ISIS has Morphed into Covert Global Network, UN Warns

Saturday, 25 August, 2018 - 06:00
The UN Security Council in session. AFP file photo

Undersecretary-General for Counter-Terrorism Vladimir Voronkov has warned that despite suffering “significant” losses, the membership of ISIS is estimated at more than 20,000 in Iraq and Syria.

He said ISIS has morphed from a regional group into a covert global network, with a weakened yet enduring core in the two countries.

Voronkov spoke at the Security Council on Thursday while presenting the UN Secretary-General’s report on the threat posed by ISIS to international peace and security and the range of United Nations efforts in support of member states in countering the threat.

He said that the so-called ISIS “caliphate” has been in headlong retreat in Syria since its defeat at the end of 2017. Its membership, estimated at more than 20,000 in those countries, is split evenly between Iraq and Syria, with some fighters fully engaged militarily and others concealed in “sympathetic communities” and urban areas.

The group’s leadership has also decentralized to mitigate further losses, and is thus likely to survive in the two countries in the medium term, due to the ongoing conflict and complex stabilization challenges, Voronkov told the Council.

There were significant numbers of ISIS-affiliated fighters in Afghanistan, South-East Asia, West Africa, Libya, and to a lesser extent in Sinai, Yemen, Somalia and the Sahel, he said.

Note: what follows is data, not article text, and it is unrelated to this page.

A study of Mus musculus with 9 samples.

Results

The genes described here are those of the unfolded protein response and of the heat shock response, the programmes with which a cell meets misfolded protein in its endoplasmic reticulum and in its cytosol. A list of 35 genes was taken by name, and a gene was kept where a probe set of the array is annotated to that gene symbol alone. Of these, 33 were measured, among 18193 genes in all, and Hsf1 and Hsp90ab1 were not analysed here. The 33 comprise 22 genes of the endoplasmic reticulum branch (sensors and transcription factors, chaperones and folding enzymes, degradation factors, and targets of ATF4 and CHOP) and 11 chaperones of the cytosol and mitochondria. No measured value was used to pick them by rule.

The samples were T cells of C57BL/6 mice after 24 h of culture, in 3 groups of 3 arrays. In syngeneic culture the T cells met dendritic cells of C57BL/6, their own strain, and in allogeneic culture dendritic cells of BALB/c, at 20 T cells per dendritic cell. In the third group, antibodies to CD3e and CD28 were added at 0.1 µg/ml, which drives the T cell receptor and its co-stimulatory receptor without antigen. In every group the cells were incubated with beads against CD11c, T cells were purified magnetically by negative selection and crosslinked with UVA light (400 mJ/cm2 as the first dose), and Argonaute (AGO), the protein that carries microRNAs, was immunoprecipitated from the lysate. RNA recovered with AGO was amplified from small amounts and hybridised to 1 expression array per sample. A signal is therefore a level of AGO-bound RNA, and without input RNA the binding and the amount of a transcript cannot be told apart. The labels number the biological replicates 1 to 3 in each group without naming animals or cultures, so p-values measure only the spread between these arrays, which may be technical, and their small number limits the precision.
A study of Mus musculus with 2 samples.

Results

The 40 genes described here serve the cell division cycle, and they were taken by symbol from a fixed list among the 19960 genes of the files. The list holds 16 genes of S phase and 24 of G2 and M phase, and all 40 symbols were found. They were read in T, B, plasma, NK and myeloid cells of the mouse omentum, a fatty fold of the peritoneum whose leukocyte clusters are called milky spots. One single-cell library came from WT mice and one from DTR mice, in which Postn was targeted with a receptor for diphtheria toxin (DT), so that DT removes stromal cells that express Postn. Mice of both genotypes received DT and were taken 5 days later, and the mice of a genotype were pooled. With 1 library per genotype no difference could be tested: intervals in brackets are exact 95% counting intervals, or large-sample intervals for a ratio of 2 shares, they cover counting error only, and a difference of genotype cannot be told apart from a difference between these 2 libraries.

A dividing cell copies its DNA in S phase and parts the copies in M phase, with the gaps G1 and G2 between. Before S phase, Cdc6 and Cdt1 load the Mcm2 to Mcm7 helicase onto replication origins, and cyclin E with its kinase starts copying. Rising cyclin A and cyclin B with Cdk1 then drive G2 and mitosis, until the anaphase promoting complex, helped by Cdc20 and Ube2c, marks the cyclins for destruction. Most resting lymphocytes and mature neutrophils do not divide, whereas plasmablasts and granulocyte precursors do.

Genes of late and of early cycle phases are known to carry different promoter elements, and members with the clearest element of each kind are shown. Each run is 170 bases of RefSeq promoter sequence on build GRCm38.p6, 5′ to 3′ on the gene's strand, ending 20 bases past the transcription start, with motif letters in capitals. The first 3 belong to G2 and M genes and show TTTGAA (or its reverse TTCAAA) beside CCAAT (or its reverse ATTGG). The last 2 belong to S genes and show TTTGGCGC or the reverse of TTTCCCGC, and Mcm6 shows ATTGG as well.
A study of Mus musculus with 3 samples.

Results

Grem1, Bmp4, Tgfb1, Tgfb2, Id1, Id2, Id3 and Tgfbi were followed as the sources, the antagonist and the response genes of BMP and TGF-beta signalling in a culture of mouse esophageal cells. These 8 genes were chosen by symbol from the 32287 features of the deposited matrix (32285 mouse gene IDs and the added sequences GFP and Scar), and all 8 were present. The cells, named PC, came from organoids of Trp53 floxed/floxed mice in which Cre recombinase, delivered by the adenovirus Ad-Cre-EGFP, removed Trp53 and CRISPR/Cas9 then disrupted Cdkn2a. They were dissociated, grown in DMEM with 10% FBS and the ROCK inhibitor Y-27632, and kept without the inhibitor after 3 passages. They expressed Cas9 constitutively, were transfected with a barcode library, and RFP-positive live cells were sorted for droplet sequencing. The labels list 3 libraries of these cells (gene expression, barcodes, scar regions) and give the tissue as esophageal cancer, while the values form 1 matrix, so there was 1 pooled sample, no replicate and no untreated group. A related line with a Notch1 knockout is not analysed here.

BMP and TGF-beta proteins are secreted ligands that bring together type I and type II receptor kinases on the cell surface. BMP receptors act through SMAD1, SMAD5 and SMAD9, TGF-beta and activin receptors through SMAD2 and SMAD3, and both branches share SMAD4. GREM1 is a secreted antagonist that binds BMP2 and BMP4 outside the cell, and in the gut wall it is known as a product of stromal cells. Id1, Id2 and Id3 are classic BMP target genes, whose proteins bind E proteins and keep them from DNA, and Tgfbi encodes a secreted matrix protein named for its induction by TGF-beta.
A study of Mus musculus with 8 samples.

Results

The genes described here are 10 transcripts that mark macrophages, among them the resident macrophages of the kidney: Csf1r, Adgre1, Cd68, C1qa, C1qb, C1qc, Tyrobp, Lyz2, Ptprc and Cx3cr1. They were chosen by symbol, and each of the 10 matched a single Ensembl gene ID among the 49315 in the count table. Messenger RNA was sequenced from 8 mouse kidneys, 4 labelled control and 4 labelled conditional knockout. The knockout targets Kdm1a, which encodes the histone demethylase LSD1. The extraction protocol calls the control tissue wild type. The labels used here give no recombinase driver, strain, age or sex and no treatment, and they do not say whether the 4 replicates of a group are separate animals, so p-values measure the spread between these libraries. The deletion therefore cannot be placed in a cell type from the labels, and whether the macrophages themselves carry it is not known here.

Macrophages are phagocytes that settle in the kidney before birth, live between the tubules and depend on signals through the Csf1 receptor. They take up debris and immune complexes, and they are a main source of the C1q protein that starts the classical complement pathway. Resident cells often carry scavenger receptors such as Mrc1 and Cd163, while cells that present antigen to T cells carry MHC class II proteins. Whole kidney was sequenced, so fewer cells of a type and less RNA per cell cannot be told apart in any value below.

“The international community must renew their efforts to effectively counter the rapidly evolving and transnational threat from ISIS,” he stressed.

Also briefing the Council, Assistant Secretary-General Michele Coninsx, who heads the Executive Directorate of the Council's Counter-Terrorism Committee, said the UN is supporting member states with the most up-to-date technologies to secure their borders, providing guidance for the effective use of these technologies in full compliance with international human rights law.

“We also continue to forge new and innovative partnerships with the private sector, including in particular in the area of information and communications technologies,” she said, stressing that such engagement is essential, for example, with respect to gathering digital evidence in terrorism cases.

Joana Cook, Senior Research Fellow at the International Centre for the Study of Radicalization and Political Violence, King’s College, London, briefed Council members on a report she recently co-authored with Gina Vale.

She said that her research findings demonstrated — for the first time and with evidence — that some 41,490 foreign citizens across 80 countries became affiliated with ISIS. One in four ISIS fighters are women and minors, she told the Council.

Britain's new Foreign Secretary Jeremy Hunt, who chaired the meeting, said: “ISIS has not been vanquished and the root causes of its emergence have yet to be resolved.”

Advocating a renewed focus on the root causes of ISIS’ emergence, he said that means doing more to support peace and reconciliation in Iraq and a political solution in Syria.

As for US Ambassador Nikki Haley, she described the terrorist group as "an enemy that adapts, and one that will seek out the world's ungoverned spaces."

The United States is working with its partners to help victims rebuild in Iraq and Syria, while restoring electricity and other services and thereby allowing 150,000 Syrians to return to Raqqa, the diplomat said.

She pledged that Washington will deepen its partnerships with countries fighting terrorism.